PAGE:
By following UN CRPD, the UK agrees to protect and promote the human rights of disabled people, including:

  • eliminating disability discrimination
  • enabling disabled people to live independently in the community
  • ensuring an inclusive education system
  • ensuring disabled people are protected from all forms of exploitation, violence and abuse

The UN Committee on the Rights of Persons with Disabilities is a body of independent experts which monitors implementation of the Convention by the States Parties.

UN Committee investigation (2016)

In 2016 the UK was investigated under the Optional Protocol of the UN CRPD following a formal request from several disability organisations.  The UN Committee on the Rights of Persons with Disabilities found that “grave or systematic violations” of disabled persons’ rights had taken place because of welfare reforms in the UK since 2010 (opens a Word file).

The Committee said welfare reforms had “disproportionally and adversely” affected the rights of people with disabilities, citing changes to Housing Benefit entitlement, eligibility criteria for Personal Independence Payment (PIP) and social care, and the ending of the Independent Living Fund.

The UK Government said it “strongly disagree[d]” with the conclusions (Word), saying the investigation was “too narrow in scope” and that measures, such as personal budgets, improving transport accessibility, work-related support and protections to tax and pensions credits, should have been considered.

First periodic review (2017)

The UN conducted its first periodic review of how the UK had implemented the UN CRPD in 2017. The UK Independent Mechanism (UKIM), made up of the Human Rights Commissions of the UK, is charged with monitoring implementation. UKIM submitted an updated report to the UN Committee (PDF), in July 2017 which argued the UK and devolved Governments had taken insufficient action to implement earlier UN recommendations.

The UN Committee published concluding observations in October 2017 and requested the UK provide information one year later covering steps taken to implement several of the recommendations.

In October 2018, the UKIM assessed steps taken by the UK Governments to implement the Committee’s recommendations since August 2017. It said progress had been made in several areas, including the launch of an independent review into the Mental Health Act 1983, an increase in the number of disabled people in employment, and the announcement of a new Inter-Ministerial Group on Disability and Society.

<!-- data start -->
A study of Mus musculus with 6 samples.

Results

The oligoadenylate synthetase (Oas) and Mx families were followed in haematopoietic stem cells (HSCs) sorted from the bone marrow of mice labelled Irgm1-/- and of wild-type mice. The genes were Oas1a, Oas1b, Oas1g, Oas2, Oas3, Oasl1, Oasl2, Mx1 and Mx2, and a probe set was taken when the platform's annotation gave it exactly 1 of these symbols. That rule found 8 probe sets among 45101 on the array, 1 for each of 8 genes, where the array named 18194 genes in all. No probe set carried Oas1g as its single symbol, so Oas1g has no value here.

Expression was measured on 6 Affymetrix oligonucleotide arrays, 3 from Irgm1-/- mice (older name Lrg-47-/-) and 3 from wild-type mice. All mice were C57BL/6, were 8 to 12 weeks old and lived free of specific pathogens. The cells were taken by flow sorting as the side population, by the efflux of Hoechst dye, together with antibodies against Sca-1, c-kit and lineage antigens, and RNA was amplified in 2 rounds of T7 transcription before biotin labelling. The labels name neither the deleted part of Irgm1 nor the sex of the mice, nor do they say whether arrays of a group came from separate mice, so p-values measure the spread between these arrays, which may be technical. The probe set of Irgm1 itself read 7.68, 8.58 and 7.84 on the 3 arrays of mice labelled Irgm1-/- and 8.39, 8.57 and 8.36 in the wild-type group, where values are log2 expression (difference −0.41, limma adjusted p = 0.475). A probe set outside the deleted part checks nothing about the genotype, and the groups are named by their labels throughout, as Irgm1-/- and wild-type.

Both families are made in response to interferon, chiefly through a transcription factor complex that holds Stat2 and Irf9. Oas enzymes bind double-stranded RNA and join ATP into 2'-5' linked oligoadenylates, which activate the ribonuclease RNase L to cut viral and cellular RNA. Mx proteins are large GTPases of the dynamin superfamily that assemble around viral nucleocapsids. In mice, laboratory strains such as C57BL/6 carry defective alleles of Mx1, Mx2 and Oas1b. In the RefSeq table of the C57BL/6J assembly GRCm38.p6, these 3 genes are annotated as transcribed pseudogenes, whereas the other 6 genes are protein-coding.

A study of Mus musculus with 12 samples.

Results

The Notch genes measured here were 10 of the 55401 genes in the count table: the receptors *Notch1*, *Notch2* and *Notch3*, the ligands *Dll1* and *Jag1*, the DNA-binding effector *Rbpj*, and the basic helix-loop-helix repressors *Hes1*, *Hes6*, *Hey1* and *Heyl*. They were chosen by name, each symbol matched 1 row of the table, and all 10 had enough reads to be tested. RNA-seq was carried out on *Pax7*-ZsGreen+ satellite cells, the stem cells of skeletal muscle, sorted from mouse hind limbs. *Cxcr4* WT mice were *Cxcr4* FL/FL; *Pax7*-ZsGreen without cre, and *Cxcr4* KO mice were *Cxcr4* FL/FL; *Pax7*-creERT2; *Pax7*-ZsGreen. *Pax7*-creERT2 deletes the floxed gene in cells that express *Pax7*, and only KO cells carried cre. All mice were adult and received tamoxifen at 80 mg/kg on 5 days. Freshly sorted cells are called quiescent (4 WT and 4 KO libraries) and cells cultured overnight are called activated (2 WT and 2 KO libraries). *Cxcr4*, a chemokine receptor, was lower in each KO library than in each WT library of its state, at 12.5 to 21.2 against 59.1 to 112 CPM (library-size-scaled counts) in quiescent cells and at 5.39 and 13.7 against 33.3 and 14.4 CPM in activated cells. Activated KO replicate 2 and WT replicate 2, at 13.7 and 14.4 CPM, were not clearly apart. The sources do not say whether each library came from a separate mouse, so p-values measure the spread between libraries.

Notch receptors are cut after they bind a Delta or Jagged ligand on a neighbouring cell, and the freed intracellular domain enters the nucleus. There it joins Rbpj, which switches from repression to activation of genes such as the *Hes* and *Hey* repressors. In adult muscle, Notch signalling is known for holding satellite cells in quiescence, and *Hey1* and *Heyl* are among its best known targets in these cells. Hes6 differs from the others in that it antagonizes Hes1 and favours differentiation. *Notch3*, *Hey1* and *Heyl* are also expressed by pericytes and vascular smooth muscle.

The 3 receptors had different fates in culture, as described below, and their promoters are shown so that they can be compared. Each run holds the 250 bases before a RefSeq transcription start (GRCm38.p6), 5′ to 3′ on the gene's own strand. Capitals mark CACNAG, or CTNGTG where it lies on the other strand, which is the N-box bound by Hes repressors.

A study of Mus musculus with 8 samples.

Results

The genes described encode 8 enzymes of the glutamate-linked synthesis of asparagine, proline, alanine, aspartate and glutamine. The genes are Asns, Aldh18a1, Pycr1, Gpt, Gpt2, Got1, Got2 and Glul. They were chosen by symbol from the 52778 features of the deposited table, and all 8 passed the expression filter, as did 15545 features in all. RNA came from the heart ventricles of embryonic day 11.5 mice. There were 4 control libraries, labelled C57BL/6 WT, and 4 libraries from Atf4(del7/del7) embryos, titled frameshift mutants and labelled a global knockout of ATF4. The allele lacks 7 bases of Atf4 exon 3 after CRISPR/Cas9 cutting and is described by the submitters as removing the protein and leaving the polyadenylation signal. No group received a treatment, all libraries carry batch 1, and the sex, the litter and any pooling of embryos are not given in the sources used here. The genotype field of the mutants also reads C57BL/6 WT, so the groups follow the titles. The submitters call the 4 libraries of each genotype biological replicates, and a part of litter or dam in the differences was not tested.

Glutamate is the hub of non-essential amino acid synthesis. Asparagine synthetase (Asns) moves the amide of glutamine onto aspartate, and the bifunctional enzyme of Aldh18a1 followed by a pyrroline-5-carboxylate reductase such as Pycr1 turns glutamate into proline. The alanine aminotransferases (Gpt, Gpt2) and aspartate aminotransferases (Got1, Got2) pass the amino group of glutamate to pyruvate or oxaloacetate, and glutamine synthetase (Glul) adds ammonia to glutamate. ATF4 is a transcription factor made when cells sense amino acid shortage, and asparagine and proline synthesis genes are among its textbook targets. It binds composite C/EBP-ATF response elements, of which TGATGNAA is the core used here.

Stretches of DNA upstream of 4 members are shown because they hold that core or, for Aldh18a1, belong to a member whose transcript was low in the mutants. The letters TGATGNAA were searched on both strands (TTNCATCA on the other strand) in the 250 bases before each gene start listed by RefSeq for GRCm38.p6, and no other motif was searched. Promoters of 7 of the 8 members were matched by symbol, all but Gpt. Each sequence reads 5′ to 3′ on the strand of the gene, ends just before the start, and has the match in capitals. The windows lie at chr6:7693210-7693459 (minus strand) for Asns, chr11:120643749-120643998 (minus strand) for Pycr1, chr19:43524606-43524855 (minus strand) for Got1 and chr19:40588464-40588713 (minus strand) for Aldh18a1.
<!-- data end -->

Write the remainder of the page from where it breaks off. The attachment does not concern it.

The UKIM remained “disappointed” that UK Governments had not developed a comprehensive UK-wide strategy demonstrating how the Committee’s 2017 recommendations would be implemented.

Government responses

The Government’s response to the Committee’s August 2017 recommendations was debated in Parliament in June 2018.

In September 2018, the UK Government issued its initial response to the UN which covered progress in the UK and highlighted funding for social care in England, the Access to Work Scheme, and benefits for people with disabilities and long term health conditions.

In June 2019, the UK Government launched a cross-Government approach to disability.

In October 2019 the UK Government issued a response to recommendation 74 of the Committee’s concluding observations on its 2017 review. This concerned the 2016 inquiry and called on UK Governments to initiate and follow-up on recommendations from that investigation and update the Committee on progress every 12 months until the next periodic review.

In December 2021, the UK Government published a follow-up report from the 2016 inquiry  which highlighted progress with the recommendations from the 2016 investigation, including welfare benefits, social care reform, employment strategies, access to public life and the legal system, engagement with disabled people and hate crime

The Government answered a parliamentary question in February 2019 saying it would respond to the Committee’s remaining concluding observations from the 2017 review during the next periodic review, which is due in 2023.

Further reading

The National Disability Strategy was published in July 2021 and is covered in section 3 of this paper. The Library’s briefing The National Disability Strategy 2021: Content and reaction looks at it in detail.

The Library briefing UK disability statistics: Prevalence and life experiences, contains the key statistics on disability in the UK.

The Commons Library has a disability page where all the publications relating to disability are available.